What do smart toilets do?
The smart toilet market has been on the rise for the past few years. And it seems that the technology is getting more and more sophisticated. Coprata, a sampling technology company, and other academic labs are developing a toilet that uses artificial intelligence to analyze waste. This allows the toilet to act as a health monitoring tool that analyzes waste and other physical parameters. It can then use that information to update you and your doctor about potential health issues through a designated app.
Izen, a Korean toilet manufacturer, has also developed a technology that can identify different users of a toilet by unique biometrics.
In this year’s Consumer Electronics Show, the Japanese company Toto presented a toilet device that uses sensor trackers to detect not only your health problems but also emotional conditions. It can also give you lifestyle and health suggestions.
All these innovations sound beneficial, but, like all internet-of-things devices, problems could arise if cybercriminals or data hoarders get involved.
Health is a really sensitive matter — and that means the data associated with it could be valuable to a lot of different people.
Hackers may target the apps connected to your smart toilet, stealing your data or even altering it so your doctor receives the wrong information. And even if the app isn’t hacked directly, the company that handles your data could still be the victim of a data breach.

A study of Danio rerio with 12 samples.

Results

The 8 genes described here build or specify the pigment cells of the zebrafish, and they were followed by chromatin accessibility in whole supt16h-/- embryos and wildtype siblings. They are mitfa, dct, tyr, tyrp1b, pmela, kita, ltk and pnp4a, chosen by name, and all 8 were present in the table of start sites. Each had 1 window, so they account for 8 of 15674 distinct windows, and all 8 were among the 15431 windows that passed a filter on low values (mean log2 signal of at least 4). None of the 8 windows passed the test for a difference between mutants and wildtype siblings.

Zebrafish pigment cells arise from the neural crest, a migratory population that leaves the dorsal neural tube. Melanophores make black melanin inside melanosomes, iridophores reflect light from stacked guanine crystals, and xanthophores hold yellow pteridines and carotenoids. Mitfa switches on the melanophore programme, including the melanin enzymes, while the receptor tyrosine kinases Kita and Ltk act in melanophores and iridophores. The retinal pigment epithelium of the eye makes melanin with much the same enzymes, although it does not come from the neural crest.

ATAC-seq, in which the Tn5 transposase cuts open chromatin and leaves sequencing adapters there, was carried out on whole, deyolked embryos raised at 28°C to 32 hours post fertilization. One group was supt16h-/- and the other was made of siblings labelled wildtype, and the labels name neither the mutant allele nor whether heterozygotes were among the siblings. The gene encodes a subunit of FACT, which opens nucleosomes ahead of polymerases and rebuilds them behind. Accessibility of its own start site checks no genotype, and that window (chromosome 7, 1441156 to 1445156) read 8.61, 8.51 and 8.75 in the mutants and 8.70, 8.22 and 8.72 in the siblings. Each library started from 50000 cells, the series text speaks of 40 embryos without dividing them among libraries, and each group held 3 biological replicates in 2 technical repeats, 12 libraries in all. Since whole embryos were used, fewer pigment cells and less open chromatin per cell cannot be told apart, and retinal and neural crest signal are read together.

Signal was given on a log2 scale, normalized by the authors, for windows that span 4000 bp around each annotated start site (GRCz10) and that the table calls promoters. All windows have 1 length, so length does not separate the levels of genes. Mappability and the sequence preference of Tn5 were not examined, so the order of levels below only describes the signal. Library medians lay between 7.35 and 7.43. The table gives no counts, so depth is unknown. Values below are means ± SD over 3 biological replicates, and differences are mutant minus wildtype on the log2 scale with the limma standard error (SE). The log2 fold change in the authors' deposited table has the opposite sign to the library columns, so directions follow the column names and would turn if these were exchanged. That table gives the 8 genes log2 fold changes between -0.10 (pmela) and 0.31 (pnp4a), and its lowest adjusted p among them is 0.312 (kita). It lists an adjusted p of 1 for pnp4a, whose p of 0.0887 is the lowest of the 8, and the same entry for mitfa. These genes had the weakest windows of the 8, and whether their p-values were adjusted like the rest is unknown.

It’s not just criminals you have to worry about, either. There’s always a possibility that health data can be sold by companies to advertisers and partners. It’s easy to imagine the targeted advertising that corporations could engage in if they have access to your real-time health data.
How to prevent IoT threats
If you use IoT devices, here are some tips on how to make them safer:
- Use a VPN. It will encrypt your traffic, hide your IP, and prevent third parties from intercepting your network and messing with your data. We recommend using a VPN on your router to protect an entire network at once.
- Minimize the IoT devices you use. Do you really need a smart doorbell, smart glasses, or smart toilet? Each of these smart devices introduces serious risks to your privacy and personal safety. So, we strongly advise minimizing the number of such devices. If you don’t find such an item necessary, it’s best not to use it.
- Use an antivirus and antimalware on your mobile and laptop devices. IoT items usually operate via apps installed on your device, so make sure to protect them properly.